Given the recent health risks to our learning communities, the Crowdmark team would like to share some best practices for administering effective remote exams.
1. Create your exam using the Assigned Assessment feature
The Assigned Assessment is Crowdmark’s version of a take-home exam. It enables you to import an exam that you have already made elsewhere into Crowdmark, assign and distribute it to students, and then grade it using annotations, in-text comments, and many other features included in our suite of grading tools. You can also create multiple versions of the exam to distribute to students by simply:
- Duplicating your assessment
- Giving each duplicate a different name (e.g., Take-Home Exam Version A)
- And then assigning each version to different groups of students.
2. Provide students with a full copy of the exam
If your existing exam is a PDF, you can attach it directly into the directions box of the assessment you are creating. The exam will then be rendered as a link that students can click on, giving them an experience very similar to that of writing the exam in-class by enabling them to have the full test available to them to reference during the exam.
3. Make a comment library ahead of time
Crowdmark offers the ability to pre-populate each of your exam questions with a library of comments. These can either be written ahead of time and uploaded all at once, or made one at a time while grading and saved. Moreover, these comments may be assigned points, enabling graders to simply drag and drop comments onto specific questions and have grades automatically tabulated. Since grades associated with any comment can be retroactively changed, you can grade freely starting from the very first exam you grade knowing that you can go back and change the value of any comment for every question in just one click — there’s no need to go back and change things one at a time, and all future questions will be updated to the new point value.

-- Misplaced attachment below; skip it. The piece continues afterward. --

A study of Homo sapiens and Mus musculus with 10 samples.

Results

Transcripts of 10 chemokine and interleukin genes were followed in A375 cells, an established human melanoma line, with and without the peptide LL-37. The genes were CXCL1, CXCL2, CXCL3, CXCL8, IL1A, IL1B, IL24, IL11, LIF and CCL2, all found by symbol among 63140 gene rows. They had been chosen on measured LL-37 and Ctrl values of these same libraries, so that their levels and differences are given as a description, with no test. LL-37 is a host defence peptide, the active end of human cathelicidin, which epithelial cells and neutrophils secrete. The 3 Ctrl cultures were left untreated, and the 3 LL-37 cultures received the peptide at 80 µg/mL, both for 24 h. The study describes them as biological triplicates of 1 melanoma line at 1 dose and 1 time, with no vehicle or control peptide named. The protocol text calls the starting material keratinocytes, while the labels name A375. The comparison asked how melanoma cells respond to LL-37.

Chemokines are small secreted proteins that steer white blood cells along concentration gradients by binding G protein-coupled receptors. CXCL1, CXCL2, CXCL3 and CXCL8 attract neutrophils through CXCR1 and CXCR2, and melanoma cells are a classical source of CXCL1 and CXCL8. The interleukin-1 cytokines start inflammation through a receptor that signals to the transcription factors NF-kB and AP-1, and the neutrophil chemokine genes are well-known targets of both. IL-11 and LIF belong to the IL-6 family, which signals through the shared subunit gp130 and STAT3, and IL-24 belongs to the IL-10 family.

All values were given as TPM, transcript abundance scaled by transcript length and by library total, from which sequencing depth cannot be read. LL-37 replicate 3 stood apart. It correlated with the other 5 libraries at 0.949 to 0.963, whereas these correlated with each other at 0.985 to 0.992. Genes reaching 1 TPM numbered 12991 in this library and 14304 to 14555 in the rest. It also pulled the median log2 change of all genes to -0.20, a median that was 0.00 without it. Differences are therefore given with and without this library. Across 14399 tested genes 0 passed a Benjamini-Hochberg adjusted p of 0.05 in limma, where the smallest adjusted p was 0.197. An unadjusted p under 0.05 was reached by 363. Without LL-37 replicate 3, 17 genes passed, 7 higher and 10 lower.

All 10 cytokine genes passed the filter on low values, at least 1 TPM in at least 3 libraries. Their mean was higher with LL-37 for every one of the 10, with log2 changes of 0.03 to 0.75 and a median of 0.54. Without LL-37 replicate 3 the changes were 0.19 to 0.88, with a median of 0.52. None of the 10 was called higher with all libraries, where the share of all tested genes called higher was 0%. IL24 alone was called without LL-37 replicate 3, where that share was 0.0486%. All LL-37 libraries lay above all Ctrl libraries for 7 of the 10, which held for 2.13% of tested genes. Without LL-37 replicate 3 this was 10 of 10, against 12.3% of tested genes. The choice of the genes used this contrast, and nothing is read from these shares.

4. Ensure that you give students enough time to submit their responses
Students who are unfamiliar with Crowdmark may take a bit more time to upload their responses. Creating buffers of 10 minutes at the beginning of the exam will help ensure that students submit on time. For example, if you’d like your exam to be written in two hours from 12:00 p.m. to 2:00 p.m. on April 1, 2020, set the due date as 2:10 p.m. and the scheduled distribution date as 11:50 a.m.
5. Be clear with students about the use of study aids
Students may be curious as to whether the exam is intended to be closed- or open book, given the novelty of writing a test outside of class.
- If you choose to make it closed book, you can have students sign an academic integrity document outlining what they are and are not allowed to use, and be available for questions during the exam window.
- If you choose to make it open book, inform students about what kinds of resources they may find useful, as well as what the expectations will be given that they have more resources available to them than they normally would.
By following these best practices, you can rest assured that students will be able to easily and safely write exams outside of the classroom.